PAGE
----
So there we go, eh, Mark?
When I wrote this for you back in December, I said I assumed you would have no funeral, no loved ones to care and no closure to mark your passing.
How wrong I was.
On Tuesday I went to the funeral I never thought you would have.
Your mum was there, and your twin sisters as well as some old family friends and some new friends from recent years.
It’s clear that you were indeed loved.
So the inevitable question - why did you take the path that you did?
No one can answer that.
It’s perhaps hardest of all for the people who loved you as a child to come to terms with – that you made a choice to live the way you did.
You were a free spirit, Mark, and you defied the stereotypes.
You’ve taught me a lot since you left this life behind, Mark.
You taught me never to make assumptions ...
And that there are no easy answers.
We see someone who seems to be on a self-destructive trajectory and we want to know why, we need reasons, justification, meaning ...
If we believe it’s because they suffered unbearable pain and abuse, it somehow comforts us.
Ah, we say, so that’s why it happened.
And then we secretly reassure ourselves it could never happen in our own families.
The truth is far more subtle.
Like I say – no easy answers.
Maybe we’re just not asking the right questions.
Thank you for enabling me to meet your family, Mark.
I think I know why you never told me about your lovely sisters – you were protecting them.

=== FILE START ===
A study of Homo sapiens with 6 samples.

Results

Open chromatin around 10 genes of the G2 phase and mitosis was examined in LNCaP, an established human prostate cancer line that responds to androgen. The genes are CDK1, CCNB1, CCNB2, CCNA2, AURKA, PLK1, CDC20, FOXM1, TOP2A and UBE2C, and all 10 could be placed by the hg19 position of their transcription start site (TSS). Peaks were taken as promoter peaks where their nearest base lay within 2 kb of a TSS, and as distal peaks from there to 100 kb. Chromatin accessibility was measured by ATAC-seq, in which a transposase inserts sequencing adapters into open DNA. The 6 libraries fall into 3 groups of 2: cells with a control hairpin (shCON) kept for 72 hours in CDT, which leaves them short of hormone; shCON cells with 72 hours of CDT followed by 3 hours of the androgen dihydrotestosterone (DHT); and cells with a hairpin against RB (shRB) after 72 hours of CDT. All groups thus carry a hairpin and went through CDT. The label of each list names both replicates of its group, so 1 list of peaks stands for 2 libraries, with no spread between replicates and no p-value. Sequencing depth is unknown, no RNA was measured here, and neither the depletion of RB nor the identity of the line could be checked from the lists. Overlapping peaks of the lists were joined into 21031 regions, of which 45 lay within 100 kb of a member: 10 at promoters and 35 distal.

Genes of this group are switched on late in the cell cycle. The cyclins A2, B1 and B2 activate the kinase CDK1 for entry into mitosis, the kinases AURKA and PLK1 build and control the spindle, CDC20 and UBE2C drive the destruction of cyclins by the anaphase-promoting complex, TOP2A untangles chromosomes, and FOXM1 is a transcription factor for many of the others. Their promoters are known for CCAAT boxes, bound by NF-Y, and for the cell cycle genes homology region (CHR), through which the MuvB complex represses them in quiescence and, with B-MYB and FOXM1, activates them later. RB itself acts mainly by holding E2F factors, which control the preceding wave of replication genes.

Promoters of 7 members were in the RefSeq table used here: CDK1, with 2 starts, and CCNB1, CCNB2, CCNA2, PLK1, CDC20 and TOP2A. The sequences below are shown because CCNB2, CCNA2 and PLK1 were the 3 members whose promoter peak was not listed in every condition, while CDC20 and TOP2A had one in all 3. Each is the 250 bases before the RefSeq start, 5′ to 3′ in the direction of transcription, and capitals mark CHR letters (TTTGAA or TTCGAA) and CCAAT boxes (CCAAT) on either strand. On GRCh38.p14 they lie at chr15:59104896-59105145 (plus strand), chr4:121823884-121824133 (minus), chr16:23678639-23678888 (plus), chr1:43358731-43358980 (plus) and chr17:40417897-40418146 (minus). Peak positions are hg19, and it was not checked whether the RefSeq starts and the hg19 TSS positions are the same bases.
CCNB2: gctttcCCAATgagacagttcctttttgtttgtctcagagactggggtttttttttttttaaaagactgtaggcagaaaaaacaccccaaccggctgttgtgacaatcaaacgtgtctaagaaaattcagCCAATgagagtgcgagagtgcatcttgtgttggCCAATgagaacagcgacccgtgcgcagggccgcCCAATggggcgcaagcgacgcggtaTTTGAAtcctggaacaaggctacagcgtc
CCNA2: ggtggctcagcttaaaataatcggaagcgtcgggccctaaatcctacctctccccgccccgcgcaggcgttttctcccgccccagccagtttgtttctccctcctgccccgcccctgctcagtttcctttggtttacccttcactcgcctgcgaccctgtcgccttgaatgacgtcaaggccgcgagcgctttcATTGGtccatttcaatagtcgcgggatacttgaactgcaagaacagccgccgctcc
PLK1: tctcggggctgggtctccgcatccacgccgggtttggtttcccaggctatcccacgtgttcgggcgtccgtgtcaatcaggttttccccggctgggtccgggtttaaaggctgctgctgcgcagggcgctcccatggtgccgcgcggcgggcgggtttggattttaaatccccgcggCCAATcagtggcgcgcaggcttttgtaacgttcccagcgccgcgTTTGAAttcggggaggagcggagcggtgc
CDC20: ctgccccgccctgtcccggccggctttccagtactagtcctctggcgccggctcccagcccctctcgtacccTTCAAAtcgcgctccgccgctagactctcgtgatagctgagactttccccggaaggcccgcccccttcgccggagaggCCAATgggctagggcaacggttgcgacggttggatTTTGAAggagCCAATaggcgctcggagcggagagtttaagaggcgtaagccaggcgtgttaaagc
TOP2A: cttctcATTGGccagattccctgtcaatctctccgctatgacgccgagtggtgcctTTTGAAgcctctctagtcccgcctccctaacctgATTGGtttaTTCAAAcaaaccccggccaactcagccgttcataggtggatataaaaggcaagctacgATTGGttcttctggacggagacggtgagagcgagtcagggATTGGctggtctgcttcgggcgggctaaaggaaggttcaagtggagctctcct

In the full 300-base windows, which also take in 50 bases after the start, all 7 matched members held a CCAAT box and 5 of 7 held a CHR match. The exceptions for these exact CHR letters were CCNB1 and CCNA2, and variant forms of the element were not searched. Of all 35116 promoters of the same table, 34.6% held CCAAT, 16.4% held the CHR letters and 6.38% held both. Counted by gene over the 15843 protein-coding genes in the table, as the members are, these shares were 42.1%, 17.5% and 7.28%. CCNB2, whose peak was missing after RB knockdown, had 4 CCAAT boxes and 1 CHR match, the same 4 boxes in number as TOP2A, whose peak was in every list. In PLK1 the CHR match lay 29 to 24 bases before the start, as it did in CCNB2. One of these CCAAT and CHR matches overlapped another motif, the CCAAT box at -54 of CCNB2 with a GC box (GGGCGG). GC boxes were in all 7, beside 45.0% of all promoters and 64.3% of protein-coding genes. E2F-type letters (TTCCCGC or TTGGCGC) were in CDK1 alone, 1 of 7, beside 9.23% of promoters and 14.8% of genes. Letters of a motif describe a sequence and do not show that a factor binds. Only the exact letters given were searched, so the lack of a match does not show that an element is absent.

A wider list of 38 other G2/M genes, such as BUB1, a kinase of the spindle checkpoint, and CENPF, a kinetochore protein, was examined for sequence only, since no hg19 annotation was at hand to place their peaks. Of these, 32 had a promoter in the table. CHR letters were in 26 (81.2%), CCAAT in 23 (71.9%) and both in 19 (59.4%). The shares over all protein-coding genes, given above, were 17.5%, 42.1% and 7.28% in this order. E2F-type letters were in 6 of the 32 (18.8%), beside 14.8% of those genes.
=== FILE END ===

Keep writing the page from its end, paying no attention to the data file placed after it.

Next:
We plan to meet again soon, when we’ll visit your bash on
Our lives will continue, but forever affected by what happened in yours.
I couldn’t hear what was said at the funeral, but your family were kind enough to give me a copy of the moving speeches made, referring to the ‘happy, lively boy, full of energy and enthusiasm’ they had known as a child.
So next time any of us sees someone who is homeless, we should take some time to wonder.
They may well have a tragic background filled with abuse and pain.
(And there is no doubt that life on the streets is brutal and fraught with
But they also might have a kind and loving family who are left wondering where they could possibly have gone wrong.
Everyone has their own unique story to tell.
You may not have been born a child of the streets, Mark, but it was ultimately your choice as an adult to live in the way that you did.
Oh and I’ve remembered something else too.
You knew all the people who ran the florist stalls in the station.
They would give you the flowers that were considered just past their best.
You would put them in jars and pots around your bash, to brighten up the days of those who passed by.
One day, I came along and you were waiting for me.
You gave me a huge bouquet.
I was blown away.
When I arrived at work everyone wanted to know who had given me these beautiful flowers.
I watched the confusion on their faces as I told them they had been given to me by a friend who was homeless.
See, Mark? That’s what I mean about you defying the stereotypes.
And so fare thee well, Mark Reid, Stargazer.
We’ll see you on the dark side of the moon.